The public is invited to a ribbon-cutting and open house from 4-7 p.m. on Aug. 23.

For years, workers for the Jefferson Area Children’s Health Improvement Program (CHIP) that covers Fluvanna operated out of a storefront in the Village of Palmyra.

But when an opportunity came to merge the Fluvanna and Louisa offices, they took it, said Terri Lamb, a registered nurse.

Prior to the June 12 move, each satellite office had just two staff members.

“With more CHIP staff working together I have already noticed we can share tips about managing our work load so we can meet the professional standards that our organization commands,” Lamb said. “Additionally, when our families are facing very stressful issues (like intimate partner violence, incarceration, substance use, mental health challenges) or have a very unique need (like a weighted blanket for a child with sensory issues or a supportive feeding chair for a child with low muscle tone) it can be very stressful for staff members to know where to start. By having more CHIP staff in one space we have been able to identify resources more readily,  meet the families’ priorities more efficiently, which in turn helps us feel more successful in our work.” Jefferson Area CHIP’s mission statement is to “partner with families to create a nurturing home environment and to promote the health and well-being of children in our community.”

Nurses and family support workers trained in the “Parents as Teachers” curriculum make home visits where they engage the whole family in providing what’s best for the children.

According to the CHIP website: “Through home visits, CHIP works with the parent and child in their own environment, eliminating the need to find transportation or child care to participate. CHIP helps families adapt the environment to maximize their child’s healthy development. Home visits allow the entire family to participate, being on the same page on how to take care of its youngest members.”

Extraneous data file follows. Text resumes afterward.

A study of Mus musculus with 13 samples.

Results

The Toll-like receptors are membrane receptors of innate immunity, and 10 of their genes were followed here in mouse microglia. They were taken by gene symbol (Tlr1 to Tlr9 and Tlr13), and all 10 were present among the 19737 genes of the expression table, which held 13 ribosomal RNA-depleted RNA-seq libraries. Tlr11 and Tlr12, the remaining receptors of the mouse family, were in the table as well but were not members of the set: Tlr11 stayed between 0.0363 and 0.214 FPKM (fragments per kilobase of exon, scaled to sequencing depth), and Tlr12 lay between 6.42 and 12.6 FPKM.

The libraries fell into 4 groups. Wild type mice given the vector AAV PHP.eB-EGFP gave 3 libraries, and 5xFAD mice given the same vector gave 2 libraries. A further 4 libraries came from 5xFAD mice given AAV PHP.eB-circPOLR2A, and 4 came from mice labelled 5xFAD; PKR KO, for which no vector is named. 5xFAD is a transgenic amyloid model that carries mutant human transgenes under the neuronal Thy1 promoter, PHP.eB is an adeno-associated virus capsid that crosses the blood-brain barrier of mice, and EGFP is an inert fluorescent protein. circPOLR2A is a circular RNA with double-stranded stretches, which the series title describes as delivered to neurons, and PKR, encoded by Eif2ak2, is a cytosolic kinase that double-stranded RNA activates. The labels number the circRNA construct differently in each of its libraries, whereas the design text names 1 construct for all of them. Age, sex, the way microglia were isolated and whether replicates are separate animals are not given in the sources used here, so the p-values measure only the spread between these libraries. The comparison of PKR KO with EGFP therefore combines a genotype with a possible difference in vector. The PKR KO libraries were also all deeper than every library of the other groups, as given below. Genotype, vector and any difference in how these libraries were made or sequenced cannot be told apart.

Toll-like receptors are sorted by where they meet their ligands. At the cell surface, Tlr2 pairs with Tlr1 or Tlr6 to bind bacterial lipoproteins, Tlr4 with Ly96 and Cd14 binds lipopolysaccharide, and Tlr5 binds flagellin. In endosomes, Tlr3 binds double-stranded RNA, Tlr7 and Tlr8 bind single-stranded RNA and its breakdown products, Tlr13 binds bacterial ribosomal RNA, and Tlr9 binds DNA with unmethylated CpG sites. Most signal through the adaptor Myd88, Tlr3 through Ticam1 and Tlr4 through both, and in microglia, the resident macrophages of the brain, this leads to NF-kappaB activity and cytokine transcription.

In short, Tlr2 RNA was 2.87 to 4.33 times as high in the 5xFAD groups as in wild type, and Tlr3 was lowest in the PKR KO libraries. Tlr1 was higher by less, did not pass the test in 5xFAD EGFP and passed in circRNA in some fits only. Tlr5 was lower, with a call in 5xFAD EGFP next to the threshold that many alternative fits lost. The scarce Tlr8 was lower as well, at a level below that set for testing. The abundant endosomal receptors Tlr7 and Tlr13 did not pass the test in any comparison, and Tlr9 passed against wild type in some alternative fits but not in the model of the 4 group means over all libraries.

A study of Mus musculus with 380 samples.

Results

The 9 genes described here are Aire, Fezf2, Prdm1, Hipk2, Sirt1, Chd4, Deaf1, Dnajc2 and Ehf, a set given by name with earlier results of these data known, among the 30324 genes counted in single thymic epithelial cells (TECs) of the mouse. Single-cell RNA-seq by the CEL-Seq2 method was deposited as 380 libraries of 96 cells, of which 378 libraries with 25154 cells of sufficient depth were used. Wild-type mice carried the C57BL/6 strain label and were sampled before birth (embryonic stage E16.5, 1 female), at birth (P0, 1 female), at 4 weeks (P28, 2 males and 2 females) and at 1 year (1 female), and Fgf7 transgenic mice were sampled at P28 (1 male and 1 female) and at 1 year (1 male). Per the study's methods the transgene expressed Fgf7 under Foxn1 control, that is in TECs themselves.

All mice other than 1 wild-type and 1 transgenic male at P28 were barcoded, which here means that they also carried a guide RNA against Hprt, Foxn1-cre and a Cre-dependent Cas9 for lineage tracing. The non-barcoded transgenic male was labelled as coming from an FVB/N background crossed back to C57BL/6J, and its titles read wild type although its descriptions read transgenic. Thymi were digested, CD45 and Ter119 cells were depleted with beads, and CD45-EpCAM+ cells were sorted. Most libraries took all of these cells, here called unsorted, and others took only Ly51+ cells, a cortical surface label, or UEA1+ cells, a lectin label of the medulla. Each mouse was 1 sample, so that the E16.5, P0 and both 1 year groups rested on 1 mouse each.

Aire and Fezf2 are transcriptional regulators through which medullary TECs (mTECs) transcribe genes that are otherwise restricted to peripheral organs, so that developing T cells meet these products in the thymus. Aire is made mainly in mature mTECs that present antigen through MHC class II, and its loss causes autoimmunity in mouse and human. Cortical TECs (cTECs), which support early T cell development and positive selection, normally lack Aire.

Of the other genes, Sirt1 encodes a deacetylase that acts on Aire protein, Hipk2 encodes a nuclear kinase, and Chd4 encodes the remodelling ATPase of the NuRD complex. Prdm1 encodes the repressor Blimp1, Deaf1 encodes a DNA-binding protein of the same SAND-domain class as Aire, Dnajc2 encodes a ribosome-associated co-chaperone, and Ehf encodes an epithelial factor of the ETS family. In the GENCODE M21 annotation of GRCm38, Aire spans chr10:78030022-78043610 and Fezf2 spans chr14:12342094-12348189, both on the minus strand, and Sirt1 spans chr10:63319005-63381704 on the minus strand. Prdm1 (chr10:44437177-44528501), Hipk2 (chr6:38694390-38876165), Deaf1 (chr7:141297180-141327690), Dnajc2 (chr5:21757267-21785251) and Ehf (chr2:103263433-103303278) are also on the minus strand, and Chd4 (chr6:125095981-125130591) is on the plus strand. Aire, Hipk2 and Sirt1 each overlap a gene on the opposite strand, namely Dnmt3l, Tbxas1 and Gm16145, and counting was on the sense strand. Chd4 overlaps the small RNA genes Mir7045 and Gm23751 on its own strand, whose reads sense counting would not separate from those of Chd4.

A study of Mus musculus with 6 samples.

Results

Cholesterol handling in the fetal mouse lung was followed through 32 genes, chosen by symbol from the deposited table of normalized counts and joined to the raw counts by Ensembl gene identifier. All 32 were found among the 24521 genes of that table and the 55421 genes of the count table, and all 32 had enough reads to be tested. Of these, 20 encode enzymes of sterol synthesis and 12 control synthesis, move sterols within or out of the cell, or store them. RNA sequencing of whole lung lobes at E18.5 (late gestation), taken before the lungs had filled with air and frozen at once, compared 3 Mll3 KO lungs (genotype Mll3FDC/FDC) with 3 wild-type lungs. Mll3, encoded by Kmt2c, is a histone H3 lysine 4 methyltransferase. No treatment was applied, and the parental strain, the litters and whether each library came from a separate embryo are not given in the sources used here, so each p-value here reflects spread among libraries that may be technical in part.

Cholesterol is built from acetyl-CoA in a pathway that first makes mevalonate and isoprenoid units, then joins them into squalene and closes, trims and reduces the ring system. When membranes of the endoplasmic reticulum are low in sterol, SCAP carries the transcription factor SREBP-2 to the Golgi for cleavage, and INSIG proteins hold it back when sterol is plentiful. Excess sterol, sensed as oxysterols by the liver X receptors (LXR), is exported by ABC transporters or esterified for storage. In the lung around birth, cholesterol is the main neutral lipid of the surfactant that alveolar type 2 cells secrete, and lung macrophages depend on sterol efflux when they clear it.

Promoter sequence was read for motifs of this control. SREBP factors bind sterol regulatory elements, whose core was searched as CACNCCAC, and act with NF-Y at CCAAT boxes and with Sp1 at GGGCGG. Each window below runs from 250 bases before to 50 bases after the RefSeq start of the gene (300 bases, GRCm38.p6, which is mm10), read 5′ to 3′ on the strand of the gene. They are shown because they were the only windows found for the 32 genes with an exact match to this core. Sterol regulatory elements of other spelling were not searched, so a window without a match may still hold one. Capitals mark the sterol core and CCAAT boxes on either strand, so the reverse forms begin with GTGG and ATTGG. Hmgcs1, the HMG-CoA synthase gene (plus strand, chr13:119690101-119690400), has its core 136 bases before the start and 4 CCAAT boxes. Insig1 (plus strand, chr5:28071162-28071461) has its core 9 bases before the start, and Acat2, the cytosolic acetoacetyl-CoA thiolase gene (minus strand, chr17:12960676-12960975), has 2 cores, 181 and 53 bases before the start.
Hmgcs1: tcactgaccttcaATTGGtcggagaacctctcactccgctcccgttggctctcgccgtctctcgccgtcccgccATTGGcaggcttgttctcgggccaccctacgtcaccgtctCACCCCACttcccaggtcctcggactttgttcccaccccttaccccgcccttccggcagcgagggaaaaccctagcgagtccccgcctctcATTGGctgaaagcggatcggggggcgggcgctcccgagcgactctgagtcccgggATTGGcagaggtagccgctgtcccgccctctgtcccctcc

The main office is in Charlottesville.

Lamb said combining offices helps both teams – and their supervisors. “Supervisors will now have the ability to be present for all of us on a more frequent basis,” Lamb said.
Carey Bailey, a registered nurse, is Lamb’s supervisor. Bailey said the move benefits both the CHIP staff and clients.

The new office “will allow better peer and supervisory support for CHIP staff, and it will increase our ability to share our resources to meet client needs (like teaching materials, vehicles, and even tips and ideas),” Bailey said. “So it’s good for CHIP staff, because they won’t feel so much like they are operating solo in a small office and it is good for clients because with a little more support and sharing staff can do a better job and serve more families.”

Lamb pointed out that by merging, CHIP saves on expensive teaching tools.

“The CHIP nursing staff sees a variety of health issues and needs and it is important to share knowledge, experiences and potential interventions with another nurse,” she said. “We use hands-on teaching materials to our visits more engaging. For example, we have models of food and pretend plates to help us talk about nutrition, or for dental education we use a large model of teeth and large toothbrush, and we have found that detailed pictures of a fetus developing in the womb can motivate health and regular prenatal care during pregnancy. These supplies are expensive, so by pooling these tools we will be able to continue to be able to offer health education in a way that is fun and interesting for children and parents in the future.”

They won’t just be sharing equipment and teaching tools, but also experience, Lamb said.

“CHIP nurses come from different fields of nursing and we each have expertise that can benefit each other, the families we serve, and thus help us be a healthier community,” Lamb said. “I am a certified asthma educator so by passing on my knowledge about asthma with the Louisa nurse, [we] can benefit even more families even if I don’t directly work with a particular family.”

Bailey said the quality and reliability of care won’t change.

“The Fluvanna team remains committed to understanding the unique character and needs of Fluvanna County, and will continue to be the best resource they can be for Fluvanna County,” Bailey said. “And the Louisa team feels likewise about their role and their focus in Louisa County.”